UPDATED: What are the rules for entering Austria right now?
Austrian Chancellor Sebastian Kurz. Photo: ALEX HALADA / AFP
Austria has further relaxed the rules for entry in mid June. Here’s what you need to know.

This report was last updated on August 13th.  

The rapidly improving pandemic situation has allowed Austria to further relax its entry rules. 

Now, people from several dozen countries can enter without restrictions. 

The changes came into place on June 10th, with further coming into effect on July 1st. Austria already removed the quarantine obligation on May 19th. 

You’ll need to fill out a form if coming to Austria in most cases. More information is available here. 

Children under ten do not need to be tested, vaccinated or recovered, provided of course they are travelling with an adult who is in compliance with the rules. 

Here’s what you need to know. 

What are the rules for entering Austria right now? 

There are two main areas to consider: where you are coming from and whether or not you can show immunity to the virus. 

Austria had previously stated it would rely on the EU health agency ECDC’s traffic light system, which differentiates between areas depending on the prevalence of coronavirus infections.

This has now changed however, with three categories of countries. 

Those in Appendix A are allowed to enter without restriction, although everyone arriving will need to comply with the 3G rule which is laid out below. The official list is available here

While the countries are mostly inside the Schengen region, there are around a dozen from further afield, including Australia, New Zealand and the United States. 

These countries are: Albania, Andorra, Australia, Belgium, Bulgaria, Cyprus, Denmark, Germany, Estonia, Finland, France, Greece, Hong Kong, Ireland, Iceland, Israel, Italy, Japan, Croatia, Latvia, Liechtenstein , Lithuania, Luxembourg, Macau, Malta, Monaco, New Zealand, the Netherlands, North Macedonia, Norway, Poland, Portugal, Romania, San Marino, Saudi Arabia, Serbia, Singapore, Slovakia, Slovenia, Spain, Sweden, Switzerland, South Korea , Taiwan, Thailand, Czech Republic, Hungary, the USA, the Vatican and Vietnam.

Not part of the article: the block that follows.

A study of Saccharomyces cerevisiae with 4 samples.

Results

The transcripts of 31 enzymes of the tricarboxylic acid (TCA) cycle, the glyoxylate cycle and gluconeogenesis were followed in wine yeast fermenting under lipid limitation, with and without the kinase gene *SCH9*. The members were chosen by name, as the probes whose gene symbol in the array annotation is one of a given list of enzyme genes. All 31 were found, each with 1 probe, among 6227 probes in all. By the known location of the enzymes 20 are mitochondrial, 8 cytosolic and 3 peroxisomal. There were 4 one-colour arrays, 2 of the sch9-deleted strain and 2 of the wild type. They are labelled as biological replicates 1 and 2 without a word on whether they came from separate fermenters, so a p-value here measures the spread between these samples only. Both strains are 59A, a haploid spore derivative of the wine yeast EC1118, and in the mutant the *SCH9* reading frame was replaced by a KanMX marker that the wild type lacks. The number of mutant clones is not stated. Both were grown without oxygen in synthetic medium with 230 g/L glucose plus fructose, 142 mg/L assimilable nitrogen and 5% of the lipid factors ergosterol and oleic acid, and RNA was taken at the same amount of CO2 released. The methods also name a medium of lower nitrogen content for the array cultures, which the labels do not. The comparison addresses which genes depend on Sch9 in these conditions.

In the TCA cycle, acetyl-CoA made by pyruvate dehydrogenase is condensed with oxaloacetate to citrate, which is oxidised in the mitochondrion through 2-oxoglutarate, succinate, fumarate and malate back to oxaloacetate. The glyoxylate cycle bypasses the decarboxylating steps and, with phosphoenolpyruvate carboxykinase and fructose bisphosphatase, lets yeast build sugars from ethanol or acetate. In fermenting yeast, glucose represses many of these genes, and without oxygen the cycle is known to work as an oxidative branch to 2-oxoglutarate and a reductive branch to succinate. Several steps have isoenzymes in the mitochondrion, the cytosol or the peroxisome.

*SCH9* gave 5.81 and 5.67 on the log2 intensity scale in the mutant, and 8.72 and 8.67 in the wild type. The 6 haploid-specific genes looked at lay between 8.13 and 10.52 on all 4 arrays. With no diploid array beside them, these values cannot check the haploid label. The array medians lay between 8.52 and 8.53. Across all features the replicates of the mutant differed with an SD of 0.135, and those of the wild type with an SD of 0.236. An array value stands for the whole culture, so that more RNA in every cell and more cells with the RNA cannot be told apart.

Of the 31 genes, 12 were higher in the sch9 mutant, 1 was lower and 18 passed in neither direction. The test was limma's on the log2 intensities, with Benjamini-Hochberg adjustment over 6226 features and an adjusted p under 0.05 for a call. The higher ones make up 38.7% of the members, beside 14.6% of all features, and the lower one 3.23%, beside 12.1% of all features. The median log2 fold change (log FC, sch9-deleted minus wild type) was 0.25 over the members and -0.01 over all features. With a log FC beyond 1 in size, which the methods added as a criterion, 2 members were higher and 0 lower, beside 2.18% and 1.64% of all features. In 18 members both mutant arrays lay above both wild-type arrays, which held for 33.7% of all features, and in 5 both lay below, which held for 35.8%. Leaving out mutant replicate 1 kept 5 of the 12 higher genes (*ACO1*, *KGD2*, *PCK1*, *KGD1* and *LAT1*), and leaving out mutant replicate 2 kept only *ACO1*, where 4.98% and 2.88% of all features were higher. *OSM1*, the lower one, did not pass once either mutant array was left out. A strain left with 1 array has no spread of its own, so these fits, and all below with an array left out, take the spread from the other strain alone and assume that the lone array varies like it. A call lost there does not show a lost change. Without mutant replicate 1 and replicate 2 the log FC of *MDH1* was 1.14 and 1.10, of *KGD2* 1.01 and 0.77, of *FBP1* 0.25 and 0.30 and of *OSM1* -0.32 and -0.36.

Of these countries, as of August 3rd arrivals from the Netherlands, Cyprus and Spain will need to show a PCR test if they are not vaccinated or have not recently recovered from the virus. 

Those in the second group – Appendix B2 – are ‘virus variant’ countries, i.e. countries where variants of the virus are prevalent. 

As at August 11th, these countries are Botswana, Brazil, Eswatini, India, Lesotho, Malawi, Mozambique, Namibia, Nepal, Russia, South Africa, the United Kingdom, Uruguay, Zambia and Zimbabwe.

However, from August 15th, the UK will be removed from the list along with India, Nepal, Botswana, Russia, Zambia and South Africa. 

READ MORE: Austria to remove UK and India from Covid variant list from Sunday

Entry from virus variant countries is only allowed for Austrian residents or citizens, European residents or citizens, people entering for business or study purposes, or diplomats. 

Arrivals will need to provide evidence of a negative test and will need to quarantine for ten days, although you can leave quarantine after the fifth day with a negative PCR test

The third ‘category’ is in fact those countries which are not in the first two categories. Entry is banned from these countries, unless one of the above exceptions applies. 

What about entry for vaccinated people? 

Only people who are deemed to be immune to the virus can enter Austria. 

Arrivals can show this by being consistent with the so-called ‘3G rule’. 

READ MORE: Can I travel to Austria if I’ve been vaccinated?

This rule states that those who have been vaccinated, along with those who have recently recovered from the virus and who have tested negative, can enter Austria. 

As has been indicated in the following article, this can be demonstrated either with paper evidence, a QR code on paper or a mobile, or by signing up to the EU immunity card system, which will be rolled out in July. 

‘3G Rule’: How to prove you have been vaccinated, tested or recovered from Covid in Austria

Everyone entering Austria will need to be consistent with the 3G rule, regardless of where they enter from. 

Which vaccines are accepted? 

Somewhat unusually, Austria accepts people after their first shot of the vaccine, with most countries requiring people to have had both shots (i.e. be fully vaccinated). 

You can enter from a safe country 22 days after your first shot (but not more than three months if you have only had one shot). The immunity is deemed to last for nine months from your second shot. 

To enter, you must have been vaccinated with an EMA approved vaccine or one approved from the WHO.

The WHO approval requirement is also relatively rare in Europe, as it means vaccines from more manufacturers are accepted. This includes: 

Comirnaty (BioNtech/Pfizer), Vaxzevria/AstraZeneca, and Covishield from Serum Institute of India COVID-19, Vaccine Janssen from Johnson & Johnson/Janssen Pharmaceuticals, Moderna, Sinopharm SARS-CoV-2 Vaccine (Vero Cell), Inactivated (InCoV) and Sinovac-CoronaVac vaccine, SARS-CoV-2 Vaccine (Vero Cell), Inactivated. 

You can also enter if you have recovered from the virus in the past 180 days.

Testing

You can also show evidence of a negative test to arrive, although this does get a little complicated due to the variety of tests on offer.

There are two broad categories of test and they apply for different time periods.

The antigen tests, which you can get done at pharmacies, doctors and testing centres (aka test streets) across the country, are valid for 48 hours.

PCR tests – which take longer but are considered the ‘gold standard’ when it comes to testing – apply for 72 hours.

If you do not have a test, you can do one within 24 hours in Austria.